West Bank attack overshadows new Middle East talks
Palestinian security forces have mounted a huge operation in the West Bank to catch the killers of four Israeli settlers shot on Tuesday.
Dozens of members of the Islamist movement Hamas, which said it carried out the attack, have been arrested.
The killings came ahead of Thursday's talks in the US between Israeli and Palestinian leaders - the first direct negotiations in almost two years.
Officials are gathering in Washington for discussions.
US, Palestinian and Israeli officials have said they will not allow the attack, near Hebron, to undermine the talks.
UN Secretary General Ban Ki-moon condemned the killings as a "blatant attempt" to undermine the forthcoming negotiations.
In an overnight sweep, dozens of people linked to Hamas were arrested while Israeli forces sealed off parts of the occupied West Bank and searched villages near Hebron.
Hamas legislator Omar Abdel-Razek said 250 Hamas members had been detained by midday on Wednesday, in an act he labelled treason.
On its website, the Izz al-Din Qassam Brigades, Hamas's military wing, declared "its full responsibility for the heroic operation in Hebron".
The attack took place after dark on Tuesday on Highway 60, a busy route used by both Palestinians and Jewish settlers.
The four victims - two men and two women, one of whom was pregnant - were reportedly shot at from a passing vehicle.
Hundreds of people attended a funeral for the four in Beit Haggai, a settlement near Hebron where two of the victims lived.
Palestinian Prime Minister Salam Fayyad has vowed to prevent a repeat of such attacks.
Earlier, Hamas spokesman Sami Abu-Zuhri said the attack had been "a natural response to the crimes of the occupation".
Israeli settlers group the Yesha Council said it would restart construction in the West Bank in protest at the attack, in defiance of a government freeze on new building in West Bank settlements.
Israeli Prime Minister Benjamin Netanyahu said there were no plans to extend the partial freeze on new settlement construction in the West Bank.
His office said on Wednesday that he had said this to US Secretary of State Hillary Clinton during their meeting on Tuesday, AFP news agency reported.
The talks, hosted by the US, seek to reach agreement on the core issues dividing the Israelis and Palestinians, including the status of Jerusalem, Israeli settlements within the West Bank and the borders of the future Palestinian state.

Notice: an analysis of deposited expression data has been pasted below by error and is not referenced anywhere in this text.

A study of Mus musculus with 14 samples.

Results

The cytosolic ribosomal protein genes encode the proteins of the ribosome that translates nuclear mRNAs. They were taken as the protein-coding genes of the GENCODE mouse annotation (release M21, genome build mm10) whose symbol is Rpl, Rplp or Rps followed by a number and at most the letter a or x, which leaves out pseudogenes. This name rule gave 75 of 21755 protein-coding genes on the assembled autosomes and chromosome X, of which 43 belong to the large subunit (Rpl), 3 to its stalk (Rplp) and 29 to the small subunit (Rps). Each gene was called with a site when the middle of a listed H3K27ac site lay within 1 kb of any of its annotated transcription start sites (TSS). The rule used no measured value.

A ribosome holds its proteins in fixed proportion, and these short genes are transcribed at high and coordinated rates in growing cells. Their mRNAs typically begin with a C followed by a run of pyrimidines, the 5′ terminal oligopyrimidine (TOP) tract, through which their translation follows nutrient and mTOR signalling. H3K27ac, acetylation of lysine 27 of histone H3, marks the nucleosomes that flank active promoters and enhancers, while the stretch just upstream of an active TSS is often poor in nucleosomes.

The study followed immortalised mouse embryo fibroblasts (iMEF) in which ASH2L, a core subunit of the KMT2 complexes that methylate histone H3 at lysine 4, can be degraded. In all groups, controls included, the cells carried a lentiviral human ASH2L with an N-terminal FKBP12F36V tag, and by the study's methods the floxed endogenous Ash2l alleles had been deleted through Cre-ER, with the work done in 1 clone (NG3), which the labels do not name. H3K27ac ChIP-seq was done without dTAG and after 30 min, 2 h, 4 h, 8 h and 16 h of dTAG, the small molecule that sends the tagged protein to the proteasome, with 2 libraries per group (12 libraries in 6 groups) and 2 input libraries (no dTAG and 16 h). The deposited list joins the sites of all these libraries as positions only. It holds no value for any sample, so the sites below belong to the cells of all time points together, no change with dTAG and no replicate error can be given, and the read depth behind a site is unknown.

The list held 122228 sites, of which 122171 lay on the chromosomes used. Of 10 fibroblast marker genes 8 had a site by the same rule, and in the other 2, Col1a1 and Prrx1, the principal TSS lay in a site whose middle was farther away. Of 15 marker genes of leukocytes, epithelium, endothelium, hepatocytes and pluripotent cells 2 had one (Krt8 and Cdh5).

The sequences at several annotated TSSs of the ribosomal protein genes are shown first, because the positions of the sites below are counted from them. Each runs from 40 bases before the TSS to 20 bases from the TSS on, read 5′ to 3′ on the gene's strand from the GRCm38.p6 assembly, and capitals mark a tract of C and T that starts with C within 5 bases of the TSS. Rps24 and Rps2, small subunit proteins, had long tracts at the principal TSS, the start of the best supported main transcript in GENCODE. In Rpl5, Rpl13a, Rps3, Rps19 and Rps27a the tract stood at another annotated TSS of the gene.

Security is another key issue, with Israel insisting that a Palestinian state be demilitarised with an Israeli presence along its eastern side.
The Palestinians argue that Israeli security will be best served by having a state of their own with as many of the attributes of a normal government as possible.
Palestinian Authority President Mahmoud Abbas is weakened by the bitter feud between his Fatah party and the Hamas movement. Hamas, which controls the Gaza Strip, is bitterly opposed to the negotiations and has been excluded from them.
Both sides have agreed to a one-year time limit on the direct negotiations, but correspondents say prospects of a comprehensive deal are slim, as deep disagreements on the core issues remain.
When they meet US Secretary of State Hillary Clinton on Thursday, Mr Abbas and Mr Netanyahu will be in the same room for the first time in almost a year.
In preparation for the talks, President Barack Obama is to meet the two leaders individually on Wednesday. Mr Obama is also scheduled to meet King Abdullah of Jordan and Egyptian President Hosni Mubarak.
In order to mark the relaunch of direct talks, the US president will host a working dinner on Wednesday evening with all visiting leaders, Mrs Clinton and UN Envoy Tony Blair.
US envoy George Mitchell - whose shuttle diplomacy helped bring Mr Netanyahu and Mr Abbas to the negotiating table - said the goal of reaching a deal within a year was intended to counter the sense that the process was never-ending.